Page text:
This summary is just from my reading of the article (The rediscovery of first wort hopping, by Freis, Nuremberg, and Mitter, Brauwelt IV:308, 1995; copy supplied to me by Andy Walsh) and is not meant to be comprehensive; but I hope that is useful to some of us. Any errors in understanding the content of the article are mine. I am sure we will all have lots to talk about on this subject; I'm only trying to provide what the original article had to say (in Readers Digest form). I'll do it in sorta outline form.
1. Introductory material. First wort hopping (FWH) was used extensively at the start of the century but mainly in order to enhance bitterness rather than aroma. It was recognized that the higher pH of the *wort* (as opposed to later in the boil) had a positive effect on utilization, combatting the effects of losses from coagulation on break material. The higher pH of the first runnings enhances isomerization of alpha acids. Other attempts were made to actually hop the mash (!!); other early efforts involved running the sparged wort through a hop filter--a "hop front" instead of a hop back, I guess...DeClerk steeped the hops in 50C water before adding to the wort (to remove "unpleasant" stuff); a later worker used 70C water. Both reported enhanced aroma qualities.
2. The experiments. Two different breweries produced the test brews that make up the subject of this article, Pils types. The two breweries make a slightly different version of Pils. At each brewery, the FWH beer was brewed with a reference beer alongside. The FWH and Reference beers at each brewery were done under controlled conditions, identical ingredients, pitching rates, etc., and differed only in the way they were hopped. In both test breweries, hops were dumped into the boiler once its bottom was covered with wort; no stirring--they just sat there while wort was sparged on top of them. Brew A (total hopping: 13.0 g alpha acid per hectolitre of cast wort) was first-hopped with 34% of the total amount added--Tettnang and Saaz that were typically used in aroma additions at the end of the boil under normal conditions. Brew B (total hopping: 12.2 g alpha acid per hl wort) used only Tettnang, but 52% of the total hop amount was used as First Wort Hops. No aroma hopping was done in either brew.
3. Tasting panel results: the FWH beers were overwhelmingly preferred over the reference beers in triangular taste tests (i.e., each taster was given three beers, two of either the reference beer or the FWH beer, and one of the other, and had to correctly identify which two were alike before their preference results were incorporated in the database). 11 of 12 tasters of each beer preferred the FWH beer. The main reasons given for the preference: "a fine, unobtrusive hop aroma; a more harmonic beer; a more uniform bitterness."
4. Analytical results--bitterness: The FWH beers had more IBUs than did the reference beers. Brew A: Ref beer was 37.9 IBU, FWH beer was 39.6 IBU. Brew B: Ref beer was 27.2 IBU, FWH beer was 32.8 IBU. This should come as no surprise, since more hops were in the kettle for the boil in the FWH beers than in the Reference beers. Prior to fermentation, the worts from both breweries showed the following features: the FWH wort had substantially more isomerized alpha acids, but less non-isomerized alphas. This was particularly true of Brew B, which had a higher proportion of first-wort hops. Nevertheless, the bitterness of the FWH beers was described as more pleasing than the (slightly weaker) bitterness of the reference beers.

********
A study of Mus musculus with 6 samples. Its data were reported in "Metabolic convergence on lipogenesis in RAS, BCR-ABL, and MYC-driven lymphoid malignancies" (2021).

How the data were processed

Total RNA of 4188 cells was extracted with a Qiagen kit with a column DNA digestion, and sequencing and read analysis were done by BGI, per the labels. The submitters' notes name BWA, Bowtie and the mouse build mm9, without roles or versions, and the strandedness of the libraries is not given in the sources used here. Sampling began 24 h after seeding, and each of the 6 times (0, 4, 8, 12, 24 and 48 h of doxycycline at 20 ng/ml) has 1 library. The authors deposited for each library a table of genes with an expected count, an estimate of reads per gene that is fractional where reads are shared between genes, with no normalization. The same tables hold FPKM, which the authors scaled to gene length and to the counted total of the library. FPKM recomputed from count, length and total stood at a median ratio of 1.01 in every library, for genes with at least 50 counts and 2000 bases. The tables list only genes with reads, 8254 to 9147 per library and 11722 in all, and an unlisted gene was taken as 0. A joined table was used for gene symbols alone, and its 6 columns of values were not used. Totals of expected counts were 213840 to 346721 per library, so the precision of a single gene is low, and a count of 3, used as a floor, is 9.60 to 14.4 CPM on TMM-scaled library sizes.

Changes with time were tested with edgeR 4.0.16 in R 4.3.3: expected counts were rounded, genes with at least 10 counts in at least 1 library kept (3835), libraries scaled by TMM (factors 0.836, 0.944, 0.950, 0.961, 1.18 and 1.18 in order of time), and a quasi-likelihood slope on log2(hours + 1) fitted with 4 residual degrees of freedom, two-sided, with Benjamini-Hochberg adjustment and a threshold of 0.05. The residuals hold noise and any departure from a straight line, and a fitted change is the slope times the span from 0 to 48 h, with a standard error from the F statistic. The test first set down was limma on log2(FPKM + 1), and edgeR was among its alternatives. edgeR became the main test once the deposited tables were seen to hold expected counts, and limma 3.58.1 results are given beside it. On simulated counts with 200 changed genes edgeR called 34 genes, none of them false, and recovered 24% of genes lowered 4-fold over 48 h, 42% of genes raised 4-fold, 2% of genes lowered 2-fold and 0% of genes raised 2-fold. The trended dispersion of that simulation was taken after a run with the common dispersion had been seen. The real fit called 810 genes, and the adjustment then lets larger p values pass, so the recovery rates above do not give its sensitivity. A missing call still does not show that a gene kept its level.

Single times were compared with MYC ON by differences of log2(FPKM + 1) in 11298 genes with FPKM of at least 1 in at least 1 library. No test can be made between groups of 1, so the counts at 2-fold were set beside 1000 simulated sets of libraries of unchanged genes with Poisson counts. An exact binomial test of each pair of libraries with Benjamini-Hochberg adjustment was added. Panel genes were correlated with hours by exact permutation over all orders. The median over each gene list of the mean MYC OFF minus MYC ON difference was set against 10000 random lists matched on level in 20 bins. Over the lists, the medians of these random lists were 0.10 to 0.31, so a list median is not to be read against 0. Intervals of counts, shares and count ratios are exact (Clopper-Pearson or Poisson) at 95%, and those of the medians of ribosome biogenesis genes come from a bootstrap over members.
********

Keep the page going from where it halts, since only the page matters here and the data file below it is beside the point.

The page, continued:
5. Analytical results--aroma: For the aroma compounds, very distinct differences were measured (gas chromatography) in both the identities and concentrations of the various aromatic compounds between the FWH beers and the reference beers. Because the precise nature of the effects of aromatic compounds on beer flavor are very complicated, it cannot be said with certainty just why the various measurements resulted in the overwhelming tasting preference, but clearly something is going on here. Even though the reference beers had higher *absolute amounts* of most of the aroma compounds, again the FWH beers got higher ratings for overall pleasure.
6. Final comments: each brewery needs to experiment with its own setup for determining what sort of first-wort hopping is best for it. But the alpha-acid quantity should *not* be reduced, even if one gets more bitterness than one would get in the usual way. The tasting panel results seem to indicate that the bitterness in the FWH beers was fine, and mild--i.e. there is little harshness that can appear in a highly bittered beer. If the hops are reduced to compensate for the extra IBUs one gets from the first-wort hops, then the whole benefit of doing it might be lost. The recommendation is to use at least 30% of the total hops as first- wort hops--basically, this means adding the aroma hops as first-wort hops rather than late kettle additions (at least for my setup, and I suspect for many others' too).
That's my quick 'n' dirty summary. I found the article quite readable, aside from the parts where the technical info is too far afield for me to make much sense of it (e.g. the gas chromatography results). Hopefully this will give a baseline that interested readers can refer to for what will undoubtedly be a fairly extensive discussion of this topic.
One quick comment: Bob McCowan mentioned, quite correctly, that the above commentary applies to infused beers--in decocted beers, comparatively little break is formed in early part of the boil, so one needs to consider this. If I read the Brauwelt article properly, infusion beers were the only ones being discussed.